In a case of first impression in New Jersey, I was privileged to represent the mother and custodial parent of a transgender child in a contested, but successful, application for the child’s legal name to be changed to the name which more accurately reflects the gender with which he identifies. The case, Sacklow v. Betts, has resulted in a reported decision (precedential) and gives guidance for judges who will no doubt be addressing these issues in the future.
Janet Sacklow retained counsel to represent her in connection with various issues surrounding her child’s gender identity issues. This included treatment for hormones, mental health services, and allowing the child to assume the name of Trevor Adam. The child’s father had objected to various applications over the years related to the child’s gender identity, and initially objected to this as well, asking that the child’s given name, Veronica, continue. During the trial in the matter, the father seemingly changed his mind, while at the same time expressing concerns that a name change was not in the child’s best interests. Given the history of the father taking inconsistent positions in connection with the child, it was requested that the court make an independent finding as to the application for a name change.
The court found that the standard that should be used when there is a request for a name change when a child is transgender is whether or not the name change is in the child’s best interests. However, the court then went on the note factors which should specifically be considered by a judge making such a decision. Those factors are:
(1) The age of the child; (2) The length of time the child has used the preferred name; (3) Any potential anxiety, embarrassment or discomfort that may result from the child having a name he or she believes does not match his or her outward appearance and gender identity; (4) The history of any medical or mental health counseling the child has received; (5) The name the child is known by in his or her family, school and community; (6) The child’s preference and motivations for seeking the name change; (7) Whether both parents consent to the name change, and if consent is not given, the reason for withholding consent.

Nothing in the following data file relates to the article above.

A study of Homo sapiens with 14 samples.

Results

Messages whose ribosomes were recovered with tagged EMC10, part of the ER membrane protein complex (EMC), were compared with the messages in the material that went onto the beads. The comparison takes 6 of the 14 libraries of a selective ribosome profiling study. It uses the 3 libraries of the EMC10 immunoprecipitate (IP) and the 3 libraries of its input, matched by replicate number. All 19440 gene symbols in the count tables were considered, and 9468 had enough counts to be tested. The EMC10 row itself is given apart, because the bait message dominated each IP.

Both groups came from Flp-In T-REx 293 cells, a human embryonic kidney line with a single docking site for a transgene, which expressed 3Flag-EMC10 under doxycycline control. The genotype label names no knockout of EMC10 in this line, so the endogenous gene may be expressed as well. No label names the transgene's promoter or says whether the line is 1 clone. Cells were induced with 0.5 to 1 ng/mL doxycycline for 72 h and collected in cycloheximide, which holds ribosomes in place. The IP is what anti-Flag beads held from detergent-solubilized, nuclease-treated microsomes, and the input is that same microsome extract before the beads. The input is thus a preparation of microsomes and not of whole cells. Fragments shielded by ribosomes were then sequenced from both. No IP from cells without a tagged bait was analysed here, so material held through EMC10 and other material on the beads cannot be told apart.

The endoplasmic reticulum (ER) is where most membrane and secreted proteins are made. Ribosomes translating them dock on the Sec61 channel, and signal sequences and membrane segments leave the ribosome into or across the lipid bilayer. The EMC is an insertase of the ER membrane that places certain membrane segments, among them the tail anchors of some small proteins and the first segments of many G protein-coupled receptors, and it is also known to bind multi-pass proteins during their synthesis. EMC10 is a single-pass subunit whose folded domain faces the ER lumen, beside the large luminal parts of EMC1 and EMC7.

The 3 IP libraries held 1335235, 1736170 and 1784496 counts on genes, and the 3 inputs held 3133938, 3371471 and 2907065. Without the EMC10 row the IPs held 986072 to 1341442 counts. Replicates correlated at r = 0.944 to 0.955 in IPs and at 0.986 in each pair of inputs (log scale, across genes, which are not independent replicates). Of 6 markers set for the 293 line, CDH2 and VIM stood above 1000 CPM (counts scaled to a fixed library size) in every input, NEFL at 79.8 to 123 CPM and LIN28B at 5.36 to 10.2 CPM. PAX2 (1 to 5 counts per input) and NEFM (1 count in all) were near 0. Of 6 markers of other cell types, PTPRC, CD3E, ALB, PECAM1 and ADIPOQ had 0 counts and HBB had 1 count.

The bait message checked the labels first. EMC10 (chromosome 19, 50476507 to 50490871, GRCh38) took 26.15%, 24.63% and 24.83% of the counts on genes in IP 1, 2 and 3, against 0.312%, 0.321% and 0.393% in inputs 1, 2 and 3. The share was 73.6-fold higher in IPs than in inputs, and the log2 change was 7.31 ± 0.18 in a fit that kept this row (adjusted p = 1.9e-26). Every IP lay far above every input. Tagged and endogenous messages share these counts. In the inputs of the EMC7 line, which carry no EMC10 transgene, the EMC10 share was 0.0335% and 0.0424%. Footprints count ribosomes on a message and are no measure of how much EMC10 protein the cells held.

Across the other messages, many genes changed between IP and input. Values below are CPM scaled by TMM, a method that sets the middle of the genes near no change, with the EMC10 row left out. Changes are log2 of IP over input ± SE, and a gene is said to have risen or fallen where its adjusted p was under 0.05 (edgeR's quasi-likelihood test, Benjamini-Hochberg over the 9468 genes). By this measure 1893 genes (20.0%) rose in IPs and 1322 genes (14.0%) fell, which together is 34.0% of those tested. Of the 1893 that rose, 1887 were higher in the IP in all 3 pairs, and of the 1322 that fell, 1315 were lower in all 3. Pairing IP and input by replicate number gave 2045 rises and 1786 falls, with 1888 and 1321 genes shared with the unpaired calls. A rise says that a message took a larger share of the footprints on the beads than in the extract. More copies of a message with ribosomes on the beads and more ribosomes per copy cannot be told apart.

In this case, the child had disclosed the fact that he identified as male several years previously. He had been under the care of health care providers for a significant amount of time and was confident in his gender identity. He was known as Trevor in school, to his friends, and to the vast majority of his family. He was treating with Children’s Hospital of Philadelphia and was in the process of his mental and physical transition to male. He was shortly going to obtain a drivers’ license, and the idea of having a picture that did not “match” his name caused him significant stress. The court, which had taken testimony from both parents as well as the child, unequivocally concluded that it was in the child’s best interests to have his name changed.
The law relating to gender identity, sexual orientation and associated issues is constantly changing and developing. This case provides litigants and their counsel guidance in an emerging are of the law that will likely be addressed by courts in this and other jurisdictions.